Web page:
What happens when your body recognizes an invader?
When your immune system detects an invading pathogen, it goes on the attack! Notice how this T-cell is setting out to destroy a cancer cell.
B and T Cell Response
Some defenses, like your skin and mucous membranes, are not designed to ward off a specific pathogen. They are just general defenders against disease. Your body also has defenses that are more specialized. Through the help of your immune system, your body can generate an army of cells to kill that one specific pathogen.
There are two different types of specific immune responses. One type involves B cells. The other type involves T cells. Recall that B cells and T cells are types of white blood cells that are key in the immune response.
B Cell Response
B cells respond to pathogens and other cells from outside the body in the blood and lymph.
Most B cells fight infections by making antibodies. An antibody is a large, Y-shaped protein that binds to an antigen, a protein that is recognized as foreign. Each antibody can bind with just one specific type of antigen (Figure below). They fit together like a lock and key. Once an antigen and antibody bind together, they signal for a phagocyte to destroy them.
This diagram shows how an antibody binds with an antigen. The antibody was produced by a B cell. It binds with just one type of antigen. Antibodies produced by different B cells bind with other types of antigens.
T Cell Response
There are different types of T cells, including killer T cells and helper T cells. Killer T cells destroy infected, damaged, or cancerous body cells (Figure below). When the killer T cell comes into contact with the infected cell, it releases poisons. The poisons make tiny holes in the cell membrane of the infected cell. This causes the cell to burst open. Both the infected cell and the viruses inside it are destroyed.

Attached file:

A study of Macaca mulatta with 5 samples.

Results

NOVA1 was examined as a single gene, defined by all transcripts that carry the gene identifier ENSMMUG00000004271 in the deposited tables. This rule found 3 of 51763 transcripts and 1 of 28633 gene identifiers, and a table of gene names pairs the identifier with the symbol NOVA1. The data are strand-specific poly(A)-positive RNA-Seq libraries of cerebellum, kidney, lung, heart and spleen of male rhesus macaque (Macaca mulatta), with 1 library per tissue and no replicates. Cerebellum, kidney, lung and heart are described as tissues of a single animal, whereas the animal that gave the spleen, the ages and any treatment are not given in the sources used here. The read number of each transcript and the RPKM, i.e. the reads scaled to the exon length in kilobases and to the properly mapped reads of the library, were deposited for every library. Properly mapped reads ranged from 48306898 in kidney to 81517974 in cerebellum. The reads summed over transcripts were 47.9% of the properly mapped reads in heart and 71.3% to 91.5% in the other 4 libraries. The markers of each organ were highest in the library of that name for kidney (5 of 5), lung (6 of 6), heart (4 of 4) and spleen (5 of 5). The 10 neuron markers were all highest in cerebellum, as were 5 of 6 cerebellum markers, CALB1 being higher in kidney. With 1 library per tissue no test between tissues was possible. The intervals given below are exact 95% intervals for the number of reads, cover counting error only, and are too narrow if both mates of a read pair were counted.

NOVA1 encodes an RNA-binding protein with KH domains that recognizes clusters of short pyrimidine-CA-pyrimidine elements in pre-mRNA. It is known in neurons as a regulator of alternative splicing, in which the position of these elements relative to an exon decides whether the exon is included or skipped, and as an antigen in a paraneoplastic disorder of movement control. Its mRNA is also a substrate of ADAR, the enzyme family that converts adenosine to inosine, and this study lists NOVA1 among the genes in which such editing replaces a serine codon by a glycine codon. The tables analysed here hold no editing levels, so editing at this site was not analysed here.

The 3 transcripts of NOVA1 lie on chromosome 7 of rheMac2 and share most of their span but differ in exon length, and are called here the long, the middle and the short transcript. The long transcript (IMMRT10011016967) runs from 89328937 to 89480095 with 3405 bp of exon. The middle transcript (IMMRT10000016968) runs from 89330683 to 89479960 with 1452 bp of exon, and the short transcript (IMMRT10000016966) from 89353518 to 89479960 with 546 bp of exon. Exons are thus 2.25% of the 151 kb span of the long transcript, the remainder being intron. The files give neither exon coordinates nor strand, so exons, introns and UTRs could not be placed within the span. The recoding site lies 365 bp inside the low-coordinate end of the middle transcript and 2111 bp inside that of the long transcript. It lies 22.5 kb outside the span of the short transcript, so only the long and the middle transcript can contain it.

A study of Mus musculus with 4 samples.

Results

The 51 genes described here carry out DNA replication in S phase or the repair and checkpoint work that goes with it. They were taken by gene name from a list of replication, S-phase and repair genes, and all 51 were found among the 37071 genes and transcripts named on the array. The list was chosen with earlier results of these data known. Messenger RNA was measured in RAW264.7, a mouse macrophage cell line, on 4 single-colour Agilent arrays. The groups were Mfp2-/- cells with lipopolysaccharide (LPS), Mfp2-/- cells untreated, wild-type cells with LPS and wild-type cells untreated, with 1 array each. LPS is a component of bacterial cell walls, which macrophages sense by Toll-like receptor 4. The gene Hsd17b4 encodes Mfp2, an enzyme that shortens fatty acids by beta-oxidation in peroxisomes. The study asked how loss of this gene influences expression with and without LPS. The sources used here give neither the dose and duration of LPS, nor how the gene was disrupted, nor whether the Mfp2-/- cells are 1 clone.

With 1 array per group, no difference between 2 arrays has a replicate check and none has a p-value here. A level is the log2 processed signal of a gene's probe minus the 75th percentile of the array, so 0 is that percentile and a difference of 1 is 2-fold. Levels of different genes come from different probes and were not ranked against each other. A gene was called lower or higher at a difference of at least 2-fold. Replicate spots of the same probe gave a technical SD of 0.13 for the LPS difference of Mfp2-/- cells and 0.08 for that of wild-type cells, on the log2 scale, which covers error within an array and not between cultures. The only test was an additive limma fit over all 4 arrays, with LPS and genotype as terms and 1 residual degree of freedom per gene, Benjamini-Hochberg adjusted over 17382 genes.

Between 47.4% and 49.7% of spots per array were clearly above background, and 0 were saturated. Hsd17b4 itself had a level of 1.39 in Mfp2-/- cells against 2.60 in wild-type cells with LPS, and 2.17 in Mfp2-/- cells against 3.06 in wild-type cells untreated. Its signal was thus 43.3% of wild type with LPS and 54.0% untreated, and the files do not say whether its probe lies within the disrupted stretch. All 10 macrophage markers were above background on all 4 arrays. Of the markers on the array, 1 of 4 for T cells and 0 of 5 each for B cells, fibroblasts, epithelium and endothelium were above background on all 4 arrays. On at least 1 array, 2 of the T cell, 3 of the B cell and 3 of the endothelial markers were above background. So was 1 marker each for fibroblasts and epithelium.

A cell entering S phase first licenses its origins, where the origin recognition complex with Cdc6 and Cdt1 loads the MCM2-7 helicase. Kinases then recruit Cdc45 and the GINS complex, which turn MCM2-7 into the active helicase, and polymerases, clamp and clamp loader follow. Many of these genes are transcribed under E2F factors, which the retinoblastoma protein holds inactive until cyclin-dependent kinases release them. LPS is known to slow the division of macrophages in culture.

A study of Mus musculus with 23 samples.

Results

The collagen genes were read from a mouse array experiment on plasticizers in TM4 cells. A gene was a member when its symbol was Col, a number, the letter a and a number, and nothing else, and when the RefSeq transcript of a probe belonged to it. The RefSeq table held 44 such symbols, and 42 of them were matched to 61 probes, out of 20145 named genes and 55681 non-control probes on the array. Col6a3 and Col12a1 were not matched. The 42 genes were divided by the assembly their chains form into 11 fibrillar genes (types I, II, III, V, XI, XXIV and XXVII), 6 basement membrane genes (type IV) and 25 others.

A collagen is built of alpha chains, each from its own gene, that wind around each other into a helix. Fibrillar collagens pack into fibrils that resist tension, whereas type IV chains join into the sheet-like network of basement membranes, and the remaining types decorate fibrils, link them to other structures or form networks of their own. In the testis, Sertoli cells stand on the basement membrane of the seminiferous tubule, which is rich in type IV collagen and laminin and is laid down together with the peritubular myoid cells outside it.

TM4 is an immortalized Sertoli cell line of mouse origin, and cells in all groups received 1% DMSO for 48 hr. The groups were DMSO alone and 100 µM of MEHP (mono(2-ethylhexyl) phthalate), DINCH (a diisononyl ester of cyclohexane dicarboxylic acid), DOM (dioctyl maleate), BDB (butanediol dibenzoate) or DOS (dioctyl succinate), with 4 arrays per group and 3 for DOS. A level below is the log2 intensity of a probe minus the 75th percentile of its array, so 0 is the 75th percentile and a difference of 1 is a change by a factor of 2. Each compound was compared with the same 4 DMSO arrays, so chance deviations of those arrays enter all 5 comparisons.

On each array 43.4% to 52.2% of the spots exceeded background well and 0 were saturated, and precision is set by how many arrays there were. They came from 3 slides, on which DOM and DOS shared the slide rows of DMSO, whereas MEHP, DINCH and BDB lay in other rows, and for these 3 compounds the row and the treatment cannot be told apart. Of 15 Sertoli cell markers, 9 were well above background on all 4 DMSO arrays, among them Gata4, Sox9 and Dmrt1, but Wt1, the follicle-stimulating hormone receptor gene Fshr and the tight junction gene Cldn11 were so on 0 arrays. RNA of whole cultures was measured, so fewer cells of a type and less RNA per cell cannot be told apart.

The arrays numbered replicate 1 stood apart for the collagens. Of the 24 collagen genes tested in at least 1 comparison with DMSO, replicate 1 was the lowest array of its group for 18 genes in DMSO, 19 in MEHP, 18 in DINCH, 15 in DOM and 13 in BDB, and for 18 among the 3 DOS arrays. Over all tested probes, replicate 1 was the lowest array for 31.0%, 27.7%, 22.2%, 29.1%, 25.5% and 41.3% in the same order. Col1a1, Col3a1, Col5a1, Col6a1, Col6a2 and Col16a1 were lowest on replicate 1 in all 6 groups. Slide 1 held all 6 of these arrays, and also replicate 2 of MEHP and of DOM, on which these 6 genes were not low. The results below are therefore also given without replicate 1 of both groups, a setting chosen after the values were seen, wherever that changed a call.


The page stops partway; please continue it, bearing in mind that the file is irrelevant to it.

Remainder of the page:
In this diagram, a killer T cell recognizes a body cell infected with a virus. After the killer T cell makes contact with the infected cell, it releases poisons that cause the infected cell to burst. This kills both the infected cell and the viruses inside it.
Helper T cells do not destroy infected or damaged body cells. But they are still necessary for an immune response. They help by releasing chemicals that control other lymphocytes. The chemicals released by helper T cells “switch on” both B cells and killer T cells so they can recognize and fight specific pathogens.
antibody: Large, Y-shaped protein produced by B cells that recognizes and binds to a specific antigen.
antigen: Protein that is recognized as foreign and causes an immune response.
B cell: Type of white blood cell that fights infections by forming antibodies.
helper T cell: Cell that releases chemicals that control the immune response.
killer T cell: Cell that destroys infected, damaged, or cancerous body cells.
phagocyte : Cells that engulf and break down pathogens.
T cell: Cells involved in the immune response in which cells infected with pathogens are destroyed.
- B cells produce antibodies against pathogens in the blood and lymph.
- Killer T cells destroy body cells infected with pathogens.
Use the resource below to answer the questions that follow.
- What does specific immunity mean? How is it different from general immunity? How are both types useful to the body?
- What cells are involved in the body's humoral immune response?
- How do macrophages educate T-cells? How do they accomplish this communication?
- What do killer T-cells differentiate into? How does this help the body long term?
- What do B-cells differentiate into? What is the function of these differentiated cells?
- Explain how B cells help fight infections.
- How do killer T cells fight pathogens?